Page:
Reduce Outdoor Water Use



Startling Stats

  • Every year, nearly 50% of California’s drinkable water is used outdoors – most of it, to water lawns.
  • In the central valley and desert regions, that number grows to 70-80% during summer months.
  • Most of the water poured onto lawns was pumped out of the ground or transported very long distances, and then treated to drinking water standards before it was delivered to your home.
  • It takes about 42 gallons per year to keep just one square foot of grass green. Even a very small yard 20′ x 10′ – 200 square feet – will need about 8,400 gallons per year to stay green.
  • The water that we use for watering lawns is very high in energy and greenhouse gases.

[/one_third][one_third]Things We Can Do TODAY

  • Turn off the sprinklers this summer and let the grass go brown.  Lawns are very thirsty. They also come back when the rains come. So save the little water we have this summer for more important things – like trees.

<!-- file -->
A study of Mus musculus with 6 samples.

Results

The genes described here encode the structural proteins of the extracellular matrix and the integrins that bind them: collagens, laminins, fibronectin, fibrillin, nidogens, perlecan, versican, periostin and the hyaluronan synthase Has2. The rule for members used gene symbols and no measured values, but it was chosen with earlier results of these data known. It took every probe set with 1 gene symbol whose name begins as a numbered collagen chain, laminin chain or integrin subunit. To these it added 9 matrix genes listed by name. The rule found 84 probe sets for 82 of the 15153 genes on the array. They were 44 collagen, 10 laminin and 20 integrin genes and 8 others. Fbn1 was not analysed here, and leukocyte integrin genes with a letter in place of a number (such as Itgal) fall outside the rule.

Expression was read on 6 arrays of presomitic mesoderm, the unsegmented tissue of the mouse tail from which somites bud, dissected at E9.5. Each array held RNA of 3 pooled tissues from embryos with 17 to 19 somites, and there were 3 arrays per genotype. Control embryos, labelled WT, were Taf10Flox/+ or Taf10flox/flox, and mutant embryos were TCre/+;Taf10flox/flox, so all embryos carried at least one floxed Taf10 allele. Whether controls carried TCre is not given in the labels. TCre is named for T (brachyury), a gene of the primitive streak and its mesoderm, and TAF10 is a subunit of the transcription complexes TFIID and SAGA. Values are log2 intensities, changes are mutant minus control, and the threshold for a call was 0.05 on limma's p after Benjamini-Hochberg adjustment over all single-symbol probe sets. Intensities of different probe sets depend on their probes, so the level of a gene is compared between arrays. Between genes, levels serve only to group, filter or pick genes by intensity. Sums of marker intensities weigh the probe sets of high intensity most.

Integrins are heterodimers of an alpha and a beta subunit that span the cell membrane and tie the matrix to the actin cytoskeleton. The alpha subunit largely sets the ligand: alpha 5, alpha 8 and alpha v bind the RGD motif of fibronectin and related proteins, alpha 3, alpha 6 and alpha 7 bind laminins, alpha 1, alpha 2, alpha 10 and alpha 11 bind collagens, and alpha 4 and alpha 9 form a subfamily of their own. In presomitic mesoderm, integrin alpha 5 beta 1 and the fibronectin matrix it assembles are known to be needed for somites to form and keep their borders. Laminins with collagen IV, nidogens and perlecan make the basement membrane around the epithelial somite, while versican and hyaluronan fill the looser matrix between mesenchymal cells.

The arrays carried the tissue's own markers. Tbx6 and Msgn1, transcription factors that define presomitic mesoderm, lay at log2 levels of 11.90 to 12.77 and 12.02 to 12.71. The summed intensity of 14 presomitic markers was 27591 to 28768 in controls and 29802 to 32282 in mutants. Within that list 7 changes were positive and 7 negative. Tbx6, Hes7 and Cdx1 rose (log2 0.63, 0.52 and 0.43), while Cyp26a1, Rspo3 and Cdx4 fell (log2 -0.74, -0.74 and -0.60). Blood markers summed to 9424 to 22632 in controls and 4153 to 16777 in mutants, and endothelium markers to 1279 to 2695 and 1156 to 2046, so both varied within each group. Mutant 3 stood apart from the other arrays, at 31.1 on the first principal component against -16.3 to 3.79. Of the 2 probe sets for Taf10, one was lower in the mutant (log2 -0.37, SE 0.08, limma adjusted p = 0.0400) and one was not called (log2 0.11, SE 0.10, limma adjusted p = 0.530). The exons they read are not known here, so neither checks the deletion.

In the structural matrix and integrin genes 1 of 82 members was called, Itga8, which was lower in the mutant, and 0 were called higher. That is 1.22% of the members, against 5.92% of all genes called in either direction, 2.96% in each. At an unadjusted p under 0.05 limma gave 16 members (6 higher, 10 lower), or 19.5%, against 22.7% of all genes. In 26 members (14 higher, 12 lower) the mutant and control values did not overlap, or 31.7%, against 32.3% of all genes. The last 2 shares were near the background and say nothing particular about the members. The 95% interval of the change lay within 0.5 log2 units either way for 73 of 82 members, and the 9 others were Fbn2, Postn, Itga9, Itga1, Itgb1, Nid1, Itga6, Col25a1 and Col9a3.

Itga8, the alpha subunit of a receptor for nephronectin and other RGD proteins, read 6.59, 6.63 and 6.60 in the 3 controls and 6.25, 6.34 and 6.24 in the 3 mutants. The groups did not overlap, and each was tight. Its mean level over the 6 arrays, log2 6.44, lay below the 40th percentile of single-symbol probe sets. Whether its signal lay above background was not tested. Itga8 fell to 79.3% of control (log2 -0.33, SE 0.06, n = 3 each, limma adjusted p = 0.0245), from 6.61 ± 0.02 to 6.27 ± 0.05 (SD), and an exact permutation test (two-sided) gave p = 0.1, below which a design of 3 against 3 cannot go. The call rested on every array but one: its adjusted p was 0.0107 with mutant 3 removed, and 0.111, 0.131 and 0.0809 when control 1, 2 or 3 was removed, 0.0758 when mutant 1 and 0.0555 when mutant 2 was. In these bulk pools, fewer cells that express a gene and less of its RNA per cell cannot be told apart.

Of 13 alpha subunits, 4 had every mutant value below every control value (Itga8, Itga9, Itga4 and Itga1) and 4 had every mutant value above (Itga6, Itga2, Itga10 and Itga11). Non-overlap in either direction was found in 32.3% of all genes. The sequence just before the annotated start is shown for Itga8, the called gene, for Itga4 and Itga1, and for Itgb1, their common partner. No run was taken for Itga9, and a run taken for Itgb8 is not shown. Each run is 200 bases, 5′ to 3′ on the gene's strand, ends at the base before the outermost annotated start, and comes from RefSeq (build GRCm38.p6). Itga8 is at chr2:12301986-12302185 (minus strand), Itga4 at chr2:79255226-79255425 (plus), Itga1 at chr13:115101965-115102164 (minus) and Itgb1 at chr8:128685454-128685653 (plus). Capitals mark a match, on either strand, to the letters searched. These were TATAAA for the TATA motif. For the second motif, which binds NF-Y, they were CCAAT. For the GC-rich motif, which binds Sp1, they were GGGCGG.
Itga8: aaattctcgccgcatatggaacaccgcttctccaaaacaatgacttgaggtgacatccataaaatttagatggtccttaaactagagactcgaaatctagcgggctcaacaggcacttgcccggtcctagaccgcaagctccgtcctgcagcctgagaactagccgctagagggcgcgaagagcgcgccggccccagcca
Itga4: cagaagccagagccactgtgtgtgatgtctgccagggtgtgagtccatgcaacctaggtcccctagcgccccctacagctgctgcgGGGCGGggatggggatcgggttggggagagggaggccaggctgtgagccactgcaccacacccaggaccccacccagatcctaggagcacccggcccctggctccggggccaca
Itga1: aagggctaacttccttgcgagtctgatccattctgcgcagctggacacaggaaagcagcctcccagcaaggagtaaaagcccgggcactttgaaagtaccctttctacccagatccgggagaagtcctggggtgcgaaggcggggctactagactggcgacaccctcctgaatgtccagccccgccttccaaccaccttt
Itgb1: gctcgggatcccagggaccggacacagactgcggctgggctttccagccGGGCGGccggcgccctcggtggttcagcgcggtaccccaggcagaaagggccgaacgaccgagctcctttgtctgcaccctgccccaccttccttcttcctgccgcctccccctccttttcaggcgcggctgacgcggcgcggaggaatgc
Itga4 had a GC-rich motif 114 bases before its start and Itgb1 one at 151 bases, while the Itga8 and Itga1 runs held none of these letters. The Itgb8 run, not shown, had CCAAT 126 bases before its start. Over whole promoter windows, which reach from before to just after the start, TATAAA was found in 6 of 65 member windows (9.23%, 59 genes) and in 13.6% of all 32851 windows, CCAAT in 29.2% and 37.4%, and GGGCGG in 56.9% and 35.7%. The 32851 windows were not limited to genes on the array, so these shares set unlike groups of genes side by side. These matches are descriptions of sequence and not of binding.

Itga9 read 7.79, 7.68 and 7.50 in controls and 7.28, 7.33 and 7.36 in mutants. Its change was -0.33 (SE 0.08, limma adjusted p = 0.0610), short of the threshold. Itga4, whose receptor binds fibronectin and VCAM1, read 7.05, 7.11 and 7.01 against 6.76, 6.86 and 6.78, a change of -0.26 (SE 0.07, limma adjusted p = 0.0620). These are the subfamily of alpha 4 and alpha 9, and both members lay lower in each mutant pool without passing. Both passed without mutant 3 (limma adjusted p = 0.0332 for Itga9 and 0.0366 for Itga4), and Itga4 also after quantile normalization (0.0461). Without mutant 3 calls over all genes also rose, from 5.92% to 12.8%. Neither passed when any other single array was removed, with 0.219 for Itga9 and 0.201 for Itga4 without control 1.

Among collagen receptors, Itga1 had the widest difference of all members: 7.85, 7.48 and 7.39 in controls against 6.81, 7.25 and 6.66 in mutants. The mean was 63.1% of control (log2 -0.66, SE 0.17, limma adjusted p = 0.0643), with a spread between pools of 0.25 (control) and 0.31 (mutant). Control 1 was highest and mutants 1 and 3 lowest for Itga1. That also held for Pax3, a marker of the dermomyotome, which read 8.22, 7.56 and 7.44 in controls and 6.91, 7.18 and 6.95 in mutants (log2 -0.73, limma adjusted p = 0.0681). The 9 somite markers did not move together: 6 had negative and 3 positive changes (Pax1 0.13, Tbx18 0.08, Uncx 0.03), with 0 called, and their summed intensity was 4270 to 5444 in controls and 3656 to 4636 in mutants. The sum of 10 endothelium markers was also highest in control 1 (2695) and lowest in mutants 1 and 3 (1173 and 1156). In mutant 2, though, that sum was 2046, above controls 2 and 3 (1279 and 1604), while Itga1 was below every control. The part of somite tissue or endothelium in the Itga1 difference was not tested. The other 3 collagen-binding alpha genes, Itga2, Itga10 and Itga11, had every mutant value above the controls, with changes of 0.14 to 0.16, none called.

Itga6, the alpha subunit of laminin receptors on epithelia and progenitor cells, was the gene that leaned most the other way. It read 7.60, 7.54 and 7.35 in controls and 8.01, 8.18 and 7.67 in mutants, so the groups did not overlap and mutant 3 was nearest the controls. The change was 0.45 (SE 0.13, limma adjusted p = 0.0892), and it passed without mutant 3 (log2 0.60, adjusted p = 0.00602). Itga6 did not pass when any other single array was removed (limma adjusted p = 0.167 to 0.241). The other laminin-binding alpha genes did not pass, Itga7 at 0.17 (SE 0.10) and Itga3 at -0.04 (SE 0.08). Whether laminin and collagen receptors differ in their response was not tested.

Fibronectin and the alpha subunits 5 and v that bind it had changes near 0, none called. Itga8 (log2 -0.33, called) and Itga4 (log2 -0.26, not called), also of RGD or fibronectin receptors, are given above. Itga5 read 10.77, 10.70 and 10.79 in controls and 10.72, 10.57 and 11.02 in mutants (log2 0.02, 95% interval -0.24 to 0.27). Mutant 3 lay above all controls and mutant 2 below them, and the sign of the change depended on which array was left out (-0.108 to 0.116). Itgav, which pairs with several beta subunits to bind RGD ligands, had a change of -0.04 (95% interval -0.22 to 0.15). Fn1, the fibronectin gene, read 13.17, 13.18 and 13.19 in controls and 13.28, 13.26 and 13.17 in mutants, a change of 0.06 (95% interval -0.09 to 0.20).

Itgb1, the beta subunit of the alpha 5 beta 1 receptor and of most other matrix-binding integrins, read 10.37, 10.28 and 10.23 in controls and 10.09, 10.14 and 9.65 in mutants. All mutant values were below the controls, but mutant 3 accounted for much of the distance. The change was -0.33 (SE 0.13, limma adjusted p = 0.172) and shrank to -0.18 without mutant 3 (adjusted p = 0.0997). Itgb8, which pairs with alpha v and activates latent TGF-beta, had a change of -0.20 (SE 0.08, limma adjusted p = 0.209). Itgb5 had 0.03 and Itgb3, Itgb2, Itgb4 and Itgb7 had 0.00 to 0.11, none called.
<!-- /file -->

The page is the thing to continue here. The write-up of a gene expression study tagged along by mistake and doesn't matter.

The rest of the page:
• Thin out over-crowded gardens.  Many mature gardens are overgrown. The plants will be healthier and use less water if you reduce the crowding.
  • Replace grass with paved walkways and other interesting landscaping designs that don’t drink water.  This is the perfect time to consider adding architectural elements to your gardens.
  • Reduce water waste. If you must water, water smart: water by hand, water sparingly, and don’t water the sidewalk and gutters.


As you take action, remember to save the trees – they help to keep temperatures cool by providing shade on hot summer days, while also reducing greenhouse gases. Check out these tips from CalFire on how to care for your trees during the drought.